It was a big event in the little town of Chelmsford in Essex, England in 1541. An English Bible had been placed in the parish church! On Sundays many of the people sat around the Bible and listened to the reading of the Scriptures.
William Malden was fifteen, and he loved to listen to the Scriptural readings, but his father took him away. William determined he would learn to read so he could read the Scriptures himself. On Sundays he diligently studied his English primer. In the spring he and his father's apprentice, Thomas Jeffrey, pooled their money and together secretly bought an English New Testament. They hid it in their bedstraw and read it whenever they could. When William's father discovered this, William received a good beating! Why?
The Bible in English was still something new, and it took time for it to be accepted. In May, 1541, King Henry VIII ordered that a copy of the Bible in English be placed in every parish church with instructions that the Scriptures were to be read "humbly and meekly, reverently and obediently." The Great Bible placed in the churches was basically a revision of Tyndale's translation done by Myles Coverdale. However, King Henry intended these Bibles to be used in the churches under the watchful eye of the church, and he still restricted the private use of the Bible. In 1543 Parliament prohibited all of Tyndale's translations and said no woman, except a noble or gentlewoman, no journeyman, no farmer or servant should read the Bible "under pain of imprisonment." There was still a fear that those not properly educated might misread the Scriptures and fill their minds with error - and so William Malden got a beating from his father for having a Bible!
New Monarchs, New Policies
When Henry's son Edward became king, there was an important change as Edward exhorted the clergy to encourage every person to read the Bible "as the very lively word of God, and the special food of man's soul that all Christian persons are bound to embrace, believe, and follow, if they look to be saved."
Edward's reign was brief, and when his half-sister Mary became queen, she did not allow any official use or printing of the Bible in English. Many Christians fled to the continent as Queen Mary tried to restore the Catholic faith to England. There a new English translation was made in Geneva in 1557. The Geneva Bible became popular with many Reform-minded Christians, and it was the Bible usually favored by the growing Puritan party. These Christians returned to England when the Protestant Elizabeth became queen in 1558.
Queen Elizabeth tried to restore the Church of England to the practices of her father, King Henry VIII. The Great Bible was again placed in the churches, but the bishops did not like Tyndale's translation. Tyndale had used the words congregation for church, love for charity, and seniors or presbyters for priests . The bishops wanted a more traditional, ecclesiastical translation, so in 1568 they had printed what was known as the Bishops' Bible. Bible reading continued to increase in Queen Elizabeth's reign, and the number of Bibles in the hands of the common people multiplied. The people generally used the Geneva Bible, while church officials generally used the Bishops' Bible. The Bible was beginning to lay hold on the people and influenced life, speech and politics. Many wanted a common translation which could be used by all the English people.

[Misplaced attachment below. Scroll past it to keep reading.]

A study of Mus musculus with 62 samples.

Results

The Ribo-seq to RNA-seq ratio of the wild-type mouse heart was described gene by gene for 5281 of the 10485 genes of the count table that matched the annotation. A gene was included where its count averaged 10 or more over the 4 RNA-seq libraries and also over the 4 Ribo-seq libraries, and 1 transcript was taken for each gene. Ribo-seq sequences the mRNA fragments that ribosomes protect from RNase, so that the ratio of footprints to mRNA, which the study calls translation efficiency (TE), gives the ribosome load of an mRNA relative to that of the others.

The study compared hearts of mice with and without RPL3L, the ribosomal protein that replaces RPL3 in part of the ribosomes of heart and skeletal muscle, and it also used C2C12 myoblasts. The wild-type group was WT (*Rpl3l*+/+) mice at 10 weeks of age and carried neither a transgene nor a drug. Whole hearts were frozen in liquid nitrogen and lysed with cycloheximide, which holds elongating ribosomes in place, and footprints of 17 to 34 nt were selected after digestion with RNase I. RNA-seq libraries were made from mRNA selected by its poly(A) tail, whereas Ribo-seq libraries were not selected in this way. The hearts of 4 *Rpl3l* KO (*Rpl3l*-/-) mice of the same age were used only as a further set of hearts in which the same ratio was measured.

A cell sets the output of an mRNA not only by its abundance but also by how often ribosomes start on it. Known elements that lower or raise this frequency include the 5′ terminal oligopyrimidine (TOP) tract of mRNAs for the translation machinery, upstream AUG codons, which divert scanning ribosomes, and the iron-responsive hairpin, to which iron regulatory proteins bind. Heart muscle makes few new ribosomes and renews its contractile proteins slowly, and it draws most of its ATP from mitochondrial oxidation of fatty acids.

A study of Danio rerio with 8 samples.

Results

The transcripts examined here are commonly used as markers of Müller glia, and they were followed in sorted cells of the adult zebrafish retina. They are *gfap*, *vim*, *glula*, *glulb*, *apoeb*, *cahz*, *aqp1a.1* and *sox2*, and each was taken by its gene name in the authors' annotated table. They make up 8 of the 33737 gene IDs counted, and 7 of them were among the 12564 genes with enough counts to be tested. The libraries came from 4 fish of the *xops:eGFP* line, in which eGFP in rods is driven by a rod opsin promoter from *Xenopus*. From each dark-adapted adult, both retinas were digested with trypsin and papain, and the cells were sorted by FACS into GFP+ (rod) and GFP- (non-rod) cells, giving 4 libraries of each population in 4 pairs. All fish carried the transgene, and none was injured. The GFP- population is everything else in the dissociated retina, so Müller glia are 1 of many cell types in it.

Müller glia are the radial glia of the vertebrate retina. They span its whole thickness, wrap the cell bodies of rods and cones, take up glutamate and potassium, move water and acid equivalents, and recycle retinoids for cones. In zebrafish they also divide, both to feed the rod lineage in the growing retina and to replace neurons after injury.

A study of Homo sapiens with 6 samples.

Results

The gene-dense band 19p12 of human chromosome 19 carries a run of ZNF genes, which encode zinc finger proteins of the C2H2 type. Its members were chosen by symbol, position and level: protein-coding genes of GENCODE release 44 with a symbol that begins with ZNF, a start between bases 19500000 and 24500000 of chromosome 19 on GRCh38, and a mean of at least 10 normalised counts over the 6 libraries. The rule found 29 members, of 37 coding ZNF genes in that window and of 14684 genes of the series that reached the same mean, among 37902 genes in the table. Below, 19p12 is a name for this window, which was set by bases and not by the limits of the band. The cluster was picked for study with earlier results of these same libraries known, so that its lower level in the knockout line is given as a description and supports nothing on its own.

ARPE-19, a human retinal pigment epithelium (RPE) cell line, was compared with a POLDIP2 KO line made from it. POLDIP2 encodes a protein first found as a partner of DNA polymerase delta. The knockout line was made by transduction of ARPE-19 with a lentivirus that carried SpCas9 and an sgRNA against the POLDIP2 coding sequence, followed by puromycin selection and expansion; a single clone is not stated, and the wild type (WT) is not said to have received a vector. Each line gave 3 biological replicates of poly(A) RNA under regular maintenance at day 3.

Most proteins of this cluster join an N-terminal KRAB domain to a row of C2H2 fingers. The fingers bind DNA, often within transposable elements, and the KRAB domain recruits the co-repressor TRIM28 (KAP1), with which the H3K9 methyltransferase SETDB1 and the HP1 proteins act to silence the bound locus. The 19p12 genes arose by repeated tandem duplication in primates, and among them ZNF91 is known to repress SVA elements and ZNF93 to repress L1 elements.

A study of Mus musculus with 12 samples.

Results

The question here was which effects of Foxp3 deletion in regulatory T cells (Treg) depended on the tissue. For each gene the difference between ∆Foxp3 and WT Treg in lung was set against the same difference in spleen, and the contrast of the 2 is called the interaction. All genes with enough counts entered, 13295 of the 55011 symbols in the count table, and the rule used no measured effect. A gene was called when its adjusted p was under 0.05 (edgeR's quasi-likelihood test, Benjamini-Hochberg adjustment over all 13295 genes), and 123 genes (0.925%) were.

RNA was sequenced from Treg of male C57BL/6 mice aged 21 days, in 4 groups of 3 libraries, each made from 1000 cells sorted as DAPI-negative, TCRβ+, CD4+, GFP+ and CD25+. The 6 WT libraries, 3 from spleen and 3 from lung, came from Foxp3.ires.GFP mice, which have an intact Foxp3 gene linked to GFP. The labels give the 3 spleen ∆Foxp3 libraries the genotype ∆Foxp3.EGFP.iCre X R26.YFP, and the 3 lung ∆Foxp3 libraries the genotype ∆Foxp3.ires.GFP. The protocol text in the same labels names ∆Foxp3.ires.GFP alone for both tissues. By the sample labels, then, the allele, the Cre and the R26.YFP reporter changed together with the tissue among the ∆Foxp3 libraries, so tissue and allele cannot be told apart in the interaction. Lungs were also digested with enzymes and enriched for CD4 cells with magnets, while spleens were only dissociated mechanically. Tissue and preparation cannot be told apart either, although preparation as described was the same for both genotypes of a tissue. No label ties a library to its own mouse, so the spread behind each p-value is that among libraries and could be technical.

Enter King James
The opportunity seemed ripe when James VI of Scotland assumed the throne of England as James I. The Puritans presented King James with a list of grievances they had about the Church of England, and King James scheduled a conference at Hampton Court to discuss these on January 14-16, 1604. Dr. John Rainolds, President of Corpus Christi College, Oxford, urged a new improved translation of the Bible into English. King James especially liked the resolution that the new translation would be free of marginal notes, since he thought the marginal notes of the Geneva Bible were sometimes dangerous, and often bordered on being traitorous. By the middle of the summer of 1604, King James had appointed fifty-four scholars to translate the Bible. The translators were divided into six companies, with each given responsibility for one section of Scripture. Oxford, Cambridge, and Westminster each had two companies of translators. Each individual in the group translated the same portion of Scripture, went over it until he was satisfied, and then submitted it to the group. The group then discussed it and decided on the best translation. When each group had completed one book, it was sent to the other groups to be considered again. Any doubts or differences of one group was given to the group which made the translation. If the groups could not agree, the translation was decided by a meeting of the leaders of each company, who would seek the advice of the scholars on particularly obscure points. The translators worked from the best Greek and Hebrew manuscripts then available, but they also freely consulted commentaries and earlier English translations. They continually worked at improvements, bringing "back to the anvil that which we had hammered."
What they finally presented to the King in 1611 became known as the Authorized or the King James Version of the Bible. It was the work of many and the culmination of over ninety years of English Bible translation, often paid for with the blood of martyrs. The King James Version became the Bible of the English nation and empire. For millions, from the American frontier to the Australian and African bush, it was the only book ever read. It has touched and transformed lives from every class of society, and it is among England's greatest national treasures.